Travel to West Bank: Southern Countryside
We move south of Jerusalem now, to the highlands known historically as the Judean Plateau. (That's not a name you'll want to use in conversation with Palestinians.) At its best, it's a difficult environment for agriculture.
A land of "milk and honey"? Yes, but also a reminder that milk and honey don't necessarily come from land that most farmers would find very attractive. This study in rock happens to show land planted to wheat, which may or may not produce a crop worth harvesting. Much of the land sloping east and west from the plateau south of Jerusalem looks this grim, prompting outsiders to wonder why people are fighting over it. When Palestinians and Israelis lay claim "to every inch" of the West Bank, does the outside world think that they are struggling over this? If it did, the outside world would probably conclude that both sides were "majnoun," crazy.
The emblematic crop of the West Bank is the olive, but it doesn't grow well south of Jerusalem, partly because the climate is too dry on the eastern slope but mostly because the moister plateau surface is too high for the frost-intolerant tree. As if this wasn't enough, many olive groves around Bethlehem have been almost criminally pollarded. The land around this tree has been cleanly plowed, probably by donkey, but mostly as a sign of private ownership. There's hardly enough oil coming from this tree to take care of a day's consumption.
Southeast of Bethlehem the land quickly dries, but olives are still planted. There is terraced wheat upstream, but the crop yield is low and chancy. Much of the land is good only for grazing by sheep and goats.
A similar landscape, though marked in the background by the mysterious summit of Herodion, where Herod built a palace.
Add to the hazards of drought the political problems of farming on the West Bank, and you have to expect sad sights like this: collapsing terraces near the bypass road around Hebron.
Panning to the left.
Bethlehem used to be surrounded by olive groves, but urban expansion, Israeli controls, and neglect have decimated them. Here, on the south side of the city, some trees are still cared for.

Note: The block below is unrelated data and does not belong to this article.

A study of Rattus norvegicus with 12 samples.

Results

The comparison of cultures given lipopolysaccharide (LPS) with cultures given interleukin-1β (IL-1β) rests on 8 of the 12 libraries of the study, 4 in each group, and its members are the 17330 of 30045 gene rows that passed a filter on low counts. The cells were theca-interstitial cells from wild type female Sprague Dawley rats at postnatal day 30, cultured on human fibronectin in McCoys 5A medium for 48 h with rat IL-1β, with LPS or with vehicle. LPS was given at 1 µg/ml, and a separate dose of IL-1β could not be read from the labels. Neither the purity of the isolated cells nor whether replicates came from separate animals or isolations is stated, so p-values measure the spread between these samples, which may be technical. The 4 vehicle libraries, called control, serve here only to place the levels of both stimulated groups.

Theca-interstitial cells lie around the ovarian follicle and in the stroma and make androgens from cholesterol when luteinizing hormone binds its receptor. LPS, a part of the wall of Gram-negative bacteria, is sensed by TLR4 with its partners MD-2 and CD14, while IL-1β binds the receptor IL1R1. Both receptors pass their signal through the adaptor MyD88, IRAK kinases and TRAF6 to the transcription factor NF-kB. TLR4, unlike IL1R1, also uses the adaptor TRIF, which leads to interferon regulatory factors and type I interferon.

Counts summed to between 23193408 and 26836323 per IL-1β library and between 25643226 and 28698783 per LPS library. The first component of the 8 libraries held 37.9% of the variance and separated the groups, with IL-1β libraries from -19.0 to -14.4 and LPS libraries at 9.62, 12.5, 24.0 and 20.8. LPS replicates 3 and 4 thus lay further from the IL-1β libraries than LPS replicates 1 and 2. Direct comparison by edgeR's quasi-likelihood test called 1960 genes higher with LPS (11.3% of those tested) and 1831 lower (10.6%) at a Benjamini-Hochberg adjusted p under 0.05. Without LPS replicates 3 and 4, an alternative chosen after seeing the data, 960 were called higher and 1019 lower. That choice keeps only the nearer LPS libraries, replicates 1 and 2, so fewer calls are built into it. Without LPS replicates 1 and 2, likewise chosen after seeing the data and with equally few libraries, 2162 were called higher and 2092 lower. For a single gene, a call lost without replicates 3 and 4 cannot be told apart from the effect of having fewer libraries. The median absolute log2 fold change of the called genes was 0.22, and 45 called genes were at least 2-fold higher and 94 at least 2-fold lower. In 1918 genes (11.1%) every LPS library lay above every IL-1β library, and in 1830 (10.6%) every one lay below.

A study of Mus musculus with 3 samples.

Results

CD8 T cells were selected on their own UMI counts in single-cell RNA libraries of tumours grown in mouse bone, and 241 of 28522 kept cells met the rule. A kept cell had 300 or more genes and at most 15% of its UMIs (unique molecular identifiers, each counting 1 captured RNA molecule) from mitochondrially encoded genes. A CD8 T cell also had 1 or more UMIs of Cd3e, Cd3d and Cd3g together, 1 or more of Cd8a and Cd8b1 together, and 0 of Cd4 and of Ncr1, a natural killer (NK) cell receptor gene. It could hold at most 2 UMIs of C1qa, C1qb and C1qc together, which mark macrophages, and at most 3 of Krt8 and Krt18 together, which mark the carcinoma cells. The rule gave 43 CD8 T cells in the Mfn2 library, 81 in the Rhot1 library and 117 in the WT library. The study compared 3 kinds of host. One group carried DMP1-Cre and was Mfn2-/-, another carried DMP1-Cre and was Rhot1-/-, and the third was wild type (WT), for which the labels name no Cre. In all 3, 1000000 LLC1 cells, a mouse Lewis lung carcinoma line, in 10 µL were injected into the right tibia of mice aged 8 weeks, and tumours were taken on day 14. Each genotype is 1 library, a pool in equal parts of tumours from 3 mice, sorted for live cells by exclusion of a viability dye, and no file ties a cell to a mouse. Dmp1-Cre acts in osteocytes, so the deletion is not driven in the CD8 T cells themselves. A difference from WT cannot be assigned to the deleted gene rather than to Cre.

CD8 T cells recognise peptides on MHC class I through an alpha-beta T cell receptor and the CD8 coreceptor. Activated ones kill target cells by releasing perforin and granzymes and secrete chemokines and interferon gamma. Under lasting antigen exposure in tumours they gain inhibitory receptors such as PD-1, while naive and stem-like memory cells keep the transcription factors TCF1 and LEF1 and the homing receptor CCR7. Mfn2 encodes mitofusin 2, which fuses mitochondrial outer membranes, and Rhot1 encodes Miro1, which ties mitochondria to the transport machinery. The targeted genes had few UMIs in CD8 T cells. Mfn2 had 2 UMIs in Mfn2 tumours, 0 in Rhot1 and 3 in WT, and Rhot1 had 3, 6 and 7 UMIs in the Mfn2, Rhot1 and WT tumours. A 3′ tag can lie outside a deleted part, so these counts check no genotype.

It's a different story on the north side. (The spire at the uppermost lefthand corner is part of the Church of the Nativity.)
The old ways do endure, like this shepherd revealed at dusk by the camera flash.
Much of the eastern desert across which sheep and goats once grazed lies now in closed military areas, and Palestinian livestock depend on purchased fodder--in this case on round bales imported from Israel.
Such grain as in grown in the south is either harvested by hand, in work crews drawn from local villages, or by small harvesters like this one, made in Italy.
The prized crop of the southern highlands is the vine, grown in many ways but here unsupported by trellises or even stakes. The pines in the background are near Arrub, where, adjoining a large refugee camp, there is a pool similar to those of Solomon's Pools.
A more intensive kind of grape production: vines supported by trellises and forming a network casting heavy shade. Yields are much higher than with the recumbent or unsupported vines shown in the previous picture.
A proud vineyard owner. The soil is unbelievably rocky, but that is characteristic of the whole area south of Jerusalem.
The previous picture was taken in Halhul, north of Hebron. So was this one, but it shows greenhouse tomatoes. The competition comes from the Jordan Valley, warm enough for production in winter. Here the production relies on irrigation supplied by a cistern fed by the rain caught on the greenhouse's own roof. The greenhouse was made in Israel.
A close-up of the guttering mechanism that captures the rainwater.
A field of grain at the village of Wadi Fukin. The field can perhaps best be seen less as an agricultural undertaking than as a land-holding one, because the fast-growing Israeli settlement of Betar Illit lies just to the east.
On the other side of Betar Illit is Nahalin, where bare rock has been blasted into terraces for fruit trees. Passersby are welcome to take a plum: the owner says that in so doing they are "eating for the soul of my father."
Such phrases make special sense in an agrarian society where generations are rooted to the same spot. Here, near Herodion, is the kind of home occupied by families from generation to generation on the West Bank. It contains the architectual germ or basic cellular unit that was expanded to form all the larger indigenous buildings of the West Bank. The massive walls are comprised of inner and outer walls of finished stone separated by a thermal layer of rubble. The roof is domed. The stone was probably quarried from the hole that become the family cistern.
The same house, showing the pendentive supporting the dome.
A typical home of the sort built on the West Bank today for families of average means. The house is not finished, because the owner lost his permit to work in Israel, but it's inhabited by him, his wife, and their four children. The orchard shown several pictures back, and identified as hewn from bare rock, lies just to the left of this house.
Nearby, there is an older home with basement bedroom. All the bedding is folded up and stashed behind the curtain.
Upstairs, there's a modern, flat-roofed addition with this "best room" and an image of Mecca.
It's hard to walk around the West Bank without being asked to have coffee, which easily leads to bread and oil, made from wheat and olives grown on the spot. In this case, a teenager was the inviter; his mother brought the coffee and made the bread in her own outdoor oven, fired with sheep dung. Her mother-in-law cast a skeptical but silent eye.